Why sugar is leaving a bitter taste in the consumer’s mouth
Sugar has once again hit the headlines, this time because it is being held responsible for the declining state of children’s teeth, with kids as young as three suffering from tooth decay.
The latest stats published by Public Health England (PHE) show that, in a recent survey of youngsters, 12% of children showed evidence of tooth decay, with an average of three teeth that were decayed, missing or filled.
The finger of blame, according to PHE, is pointed firmly at sugary foods and drinks and parents are advised to give children these “high risk” products in smaller quantities and less often, or even not at all.
The soft drinks and food industries are coming under relentless pressure over their responsibility in this issue.
The demands for them to be sugar-responsible are increasing. Health organisations are ramping up their research and warnings, with sugary products being increasingly blamed for a myriad rising health problems, including obesity and diabetes.
As governments face escalating healthcare costs, the growing body of research on sugar could push them to use taxes or step up regulation to force through changes in eating habits.
Calls to reduce or remove all the sugars from products, and for new labelling to be introduced with anything above 2.5% sugars being tagged as ‘high’, are just a couple of the suggested solutions. The biggest one by far is the idea of a sugar tax.
It’s a complex area and one that global food brands are trying to tackle from a manufacturing perspective to stem the rising tide of criticism.
So far the industry has broadly avoided extra regulation and tax through voluntary deals.
Nestlé says it reduced sugar in its products overall by 30 per cent over the 10 years to 2011. Last year it also cut saturated fat in its Kit Kat wafers by 11 per cent. Unilever has set itself a target of lowering sugar in its Lipton tea-based drinks by 25 per cent by 2020.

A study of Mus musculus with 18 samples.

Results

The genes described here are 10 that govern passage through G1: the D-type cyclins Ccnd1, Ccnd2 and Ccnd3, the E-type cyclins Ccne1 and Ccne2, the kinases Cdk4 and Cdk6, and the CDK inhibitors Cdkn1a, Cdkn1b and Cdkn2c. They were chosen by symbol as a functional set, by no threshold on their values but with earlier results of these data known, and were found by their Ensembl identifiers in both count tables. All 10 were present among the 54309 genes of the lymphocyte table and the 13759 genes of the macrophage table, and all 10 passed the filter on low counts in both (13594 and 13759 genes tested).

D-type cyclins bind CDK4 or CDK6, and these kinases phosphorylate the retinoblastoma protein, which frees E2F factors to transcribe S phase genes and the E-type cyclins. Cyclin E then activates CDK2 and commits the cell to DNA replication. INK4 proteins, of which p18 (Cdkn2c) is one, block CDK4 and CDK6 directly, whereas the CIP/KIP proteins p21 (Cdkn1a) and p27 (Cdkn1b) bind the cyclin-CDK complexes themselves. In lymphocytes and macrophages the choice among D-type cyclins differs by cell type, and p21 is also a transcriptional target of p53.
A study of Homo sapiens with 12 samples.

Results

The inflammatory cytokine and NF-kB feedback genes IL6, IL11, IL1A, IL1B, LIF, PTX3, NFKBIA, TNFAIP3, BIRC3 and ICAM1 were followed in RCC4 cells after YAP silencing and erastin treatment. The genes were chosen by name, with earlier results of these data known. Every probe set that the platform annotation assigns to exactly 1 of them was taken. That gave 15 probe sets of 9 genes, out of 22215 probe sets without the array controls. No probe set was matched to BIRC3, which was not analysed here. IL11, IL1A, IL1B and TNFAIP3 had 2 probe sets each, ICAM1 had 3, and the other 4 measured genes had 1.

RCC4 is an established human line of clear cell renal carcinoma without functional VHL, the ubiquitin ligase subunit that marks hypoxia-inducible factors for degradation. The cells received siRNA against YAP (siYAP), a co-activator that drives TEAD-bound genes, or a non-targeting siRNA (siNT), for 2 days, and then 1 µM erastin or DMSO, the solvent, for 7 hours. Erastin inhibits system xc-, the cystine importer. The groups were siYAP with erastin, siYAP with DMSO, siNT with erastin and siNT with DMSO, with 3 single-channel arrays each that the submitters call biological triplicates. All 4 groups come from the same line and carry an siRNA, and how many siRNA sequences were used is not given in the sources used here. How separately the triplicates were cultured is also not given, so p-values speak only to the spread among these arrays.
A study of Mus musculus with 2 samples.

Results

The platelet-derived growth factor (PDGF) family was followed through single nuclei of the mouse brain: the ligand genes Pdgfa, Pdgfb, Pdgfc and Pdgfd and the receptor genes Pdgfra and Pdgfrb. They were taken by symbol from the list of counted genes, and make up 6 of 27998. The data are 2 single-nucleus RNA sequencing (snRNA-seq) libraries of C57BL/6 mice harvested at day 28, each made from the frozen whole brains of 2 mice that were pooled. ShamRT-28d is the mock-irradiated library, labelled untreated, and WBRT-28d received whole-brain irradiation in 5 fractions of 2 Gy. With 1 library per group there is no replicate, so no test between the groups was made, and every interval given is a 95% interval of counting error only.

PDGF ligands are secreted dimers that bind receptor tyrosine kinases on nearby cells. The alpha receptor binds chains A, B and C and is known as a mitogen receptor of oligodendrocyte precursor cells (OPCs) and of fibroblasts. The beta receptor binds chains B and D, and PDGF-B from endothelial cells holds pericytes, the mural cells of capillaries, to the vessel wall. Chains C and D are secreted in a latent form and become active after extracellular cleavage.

However, despite these efforts, the social stigma around refined sugar is starting to stick.
There is an increasing consumer backlash against the soft drinks and food industry with a downward trend in fizzy drink sales since 2010.
The bottom line is that consumer attitudes affect sales and, ultimately, this is increasingly becoming a reputational issue for these brands rather than a manufacturing one. In turn this is creating increasing challenges for those responsible for the PR and marketing of these products as there is a real risk they could become “toxic” brands.
There is a huge need for the food, soft drinks and sugar industries to take ownership of this issue and address it before it gets out of control.
But what strategy should they take?
We’ve seen the alcohol industry face a similar attack. And whilst there are still concerns around the issues of a binge drinking culture, a collaborative industry-wide approach has resolved a lot of reputational issues. The creation of Drinkaware, an independent charity supported by voluntary donations from the drinks industry and from major UK supermarkets, and The Portman Group established directly by the UK’s leading alcohol producers has gone a long way in fostering a balanced understanding of alcohol-related issues and turned it more into a societal debate.
As an industry, alcohol brands claimed responsibility and are working to reduce alcohol misuse and harm through education and awareness.
I think a similar approach will benefit the food and soft drinks industry. It’s not so much the need to quash the health claims, which is the mistake that the tobacco industry made, but rather take them on board and use them to educate and inform consumers about refined and natural sugar as part of a wider discussion around a healthy balanced diet.
Certain brands are doing this in isolation. Sugar company AB Sugar has just launched its “Making Sense of Sugar” campaign aimed at improving understanding of its product.
But what seems to be missing is consistent messaging through one clear voice helping educate consumers in making informed and balanced decisions.
The power to change and influence will come from a collective approach, rather than isolated brands fighting to try and achieve some cut through.
Ridiculous as it sounds – what if Colgate could team up with Robinsons, Chupa Chups and the PHE? Surely consumers and brands could all benefit from taking a collaborative approach to addressing the issues?
Until an industry-wide PR strategy and positioning is established, the demonisation of high sugar products by the media will be the only voice that’s heard and sugar will continue to leave a bitter taste in the consumer’s mouth.